Volume 2013, Article ID 964149, 11 pages
http://dx.doi.org/10.1155/2013/964149
Review Article

Historical Aspects of Propolis Research in Modern Times

1Pedagogical University of Krakow, Karmelicka 41, 31-128 Krakow, Poland
2Department of Microbiology and Immunology, Medical University of Silesia in Katowice, Jordana 19, 41-808 Zabrze-Rokitnica, Poland

Received 6 March 2013; Revised 29 March 2013; Accepted 29 March 2013

Academic Editor: Zenon Czuba

Copyright © 2013 Andrzej K. Kuropatnicki et al. This is an open access article distributed under the Creative Commons Attribution License, which permits unrestricted use, distribution, and reproduction in any medium, provided the original work is properly cited.

Abstract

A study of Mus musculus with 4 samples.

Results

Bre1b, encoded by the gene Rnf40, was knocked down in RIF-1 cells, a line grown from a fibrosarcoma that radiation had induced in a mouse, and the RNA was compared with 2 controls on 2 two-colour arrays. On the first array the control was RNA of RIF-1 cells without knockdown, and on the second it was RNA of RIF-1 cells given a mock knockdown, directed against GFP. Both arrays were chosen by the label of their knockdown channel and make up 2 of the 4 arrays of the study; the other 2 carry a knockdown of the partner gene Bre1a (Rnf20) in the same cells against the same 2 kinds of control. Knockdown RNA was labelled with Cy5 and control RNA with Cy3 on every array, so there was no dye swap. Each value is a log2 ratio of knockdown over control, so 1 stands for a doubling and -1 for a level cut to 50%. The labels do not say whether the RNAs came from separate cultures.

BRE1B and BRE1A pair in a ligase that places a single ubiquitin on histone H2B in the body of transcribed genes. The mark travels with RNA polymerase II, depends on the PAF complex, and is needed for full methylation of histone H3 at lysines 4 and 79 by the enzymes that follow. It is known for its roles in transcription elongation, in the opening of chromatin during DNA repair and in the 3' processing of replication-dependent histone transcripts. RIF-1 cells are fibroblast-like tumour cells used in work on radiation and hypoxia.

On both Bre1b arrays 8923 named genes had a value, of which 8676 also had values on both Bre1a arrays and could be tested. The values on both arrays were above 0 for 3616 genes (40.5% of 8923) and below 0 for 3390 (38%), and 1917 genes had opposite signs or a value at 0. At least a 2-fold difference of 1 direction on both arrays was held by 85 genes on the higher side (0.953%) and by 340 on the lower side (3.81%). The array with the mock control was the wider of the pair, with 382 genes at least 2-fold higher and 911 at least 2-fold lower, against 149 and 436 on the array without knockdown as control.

Propolis (bee glue) has been known for centuries. The ancient Greeks, Romans, and Egyptians were aware of the healing properties of propolis and made extensive use of it as a medicine. In the middle ages propolis was not a very popular topic and its use in mainstream medicine disappeared. However, the knowledge of medicinal properties of propolis survived in traditional folk medicine. The interest in propolis returned in Europe together with the renaissance theory of ad fontes. It has only been in the last century that scientists have been able to prove that propolis is as active and important as our forefathers thought. Research on chemical composition of propolis started at the beginning of the twentieth century and was continued after WW II. Advances in chromatographic analytical methods enabled separation and extraction of several components from propolis. At least 180 different compounds have been identified so far. Its antibacterial, antiseptic, anti-inflammatory, antifungal, anesthetic, and healing properties have been confirmed. Propolis has been effectively used in treatment of dermatological, laryngological, and gynecological problems, neurodegenerative diseases, in wound healing, and in treatment of burns and ulcers. However, it requires further research that may lead to new discoveries of its composition and possible applications.